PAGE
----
When I was asked yesterday by POLITICO to comment on a press release from the Robert Wood Johnson Foundation celebrating the food industry’s alleged reduction in calories, I thought, Oh, that data we’ve been waiting for is finally is published. But I was wrong. As I reported last June, a collection of food companies calling themselves the “Healthy Weight Commitment Foundation” jumped the gun with a self-congratulatory release claiming to have made good on its 2010 “pledge” with the first lady’s Let’s Move campaign to reduce the number of calories in the food supply by 1.5 trillion.
Six months later, the data is still unpublished. Instead, the only information the media had to go on was the release with a promise of future publication. As Marion Nestle told POLITICO, “I can’t understand why RWJ would send out a press release without having data to back it up.” The Robert Wood Johnson Foundation, which is a primary backer of the Partnership for a Healthier America (the non-profit arm of Let’s Move) is also funding the scientific review of industry’s pledge. That analysis is being conducted by researcher Barry Popkin at the University of North Carolina. I have no doubt his research will be sound, but it’s irresponsible for the funder to release data before the peer review process is complete. Academic research articles provide important details such as caveats and limitations, not to mention explanations that may have nothing to do with industry’s actions (such as the recession resulting in lower sales). On the other hand, the press release was all glowing, and the media dutifully reported the happy news.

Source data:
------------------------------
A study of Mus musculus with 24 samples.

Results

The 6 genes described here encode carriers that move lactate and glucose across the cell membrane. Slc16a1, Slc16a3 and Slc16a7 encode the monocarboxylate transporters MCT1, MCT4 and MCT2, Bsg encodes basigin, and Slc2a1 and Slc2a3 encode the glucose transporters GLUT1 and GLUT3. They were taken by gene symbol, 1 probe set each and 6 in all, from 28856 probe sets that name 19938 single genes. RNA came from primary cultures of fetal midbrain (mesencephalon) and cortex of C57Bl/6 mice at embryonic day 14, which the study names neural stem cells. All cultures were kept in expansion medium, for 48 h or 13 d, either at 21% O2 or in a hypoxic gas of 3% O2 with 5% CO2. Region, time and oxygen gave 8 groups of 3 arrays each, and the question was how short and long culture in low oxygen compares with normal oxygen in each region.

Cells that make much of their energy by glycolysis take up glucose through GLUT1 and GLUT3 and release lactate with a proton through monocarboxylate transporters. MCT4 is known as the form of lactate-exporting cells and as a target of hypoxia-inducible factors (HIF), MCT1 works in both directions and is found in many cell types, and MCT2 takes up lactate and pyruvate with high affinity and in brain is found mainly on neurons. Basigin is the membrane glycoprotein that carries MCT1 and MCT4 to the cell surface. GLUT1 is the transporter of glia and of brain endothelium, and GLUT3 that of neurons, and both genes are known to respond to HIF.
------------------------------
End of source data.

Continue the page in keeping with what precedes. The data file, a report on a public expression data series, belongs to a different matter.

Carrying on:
Meanwhile, in a blog post (loftily entitled, “Through Commitment with the Partnership for a Healthier America, Healthy Weight Commitment Foundation Members Exceed Their Calorie Reduction Goal By 400%), Let’s Move’s Executive Director Sam Kass said he was “thrilled” with the results. Of course he is. Because when Michelle Obama stands side by side with the likes of Coca-Cola and PepsiCo, the White House needs positive results to back up its let’s-work-with-industry game plan.
Wherever the pressures were coming from, a foundation as influential as Robert Wood Johnson, one that prides itself on “research and evaluation” and who claims that “our work is published in peer-reviewed journals” should live up to its own promises. While it’s predictable that the food industry would release self-serving data without credible backing, we should expect more from a leading foundation. When the results are finally published, then let’s take a closer look.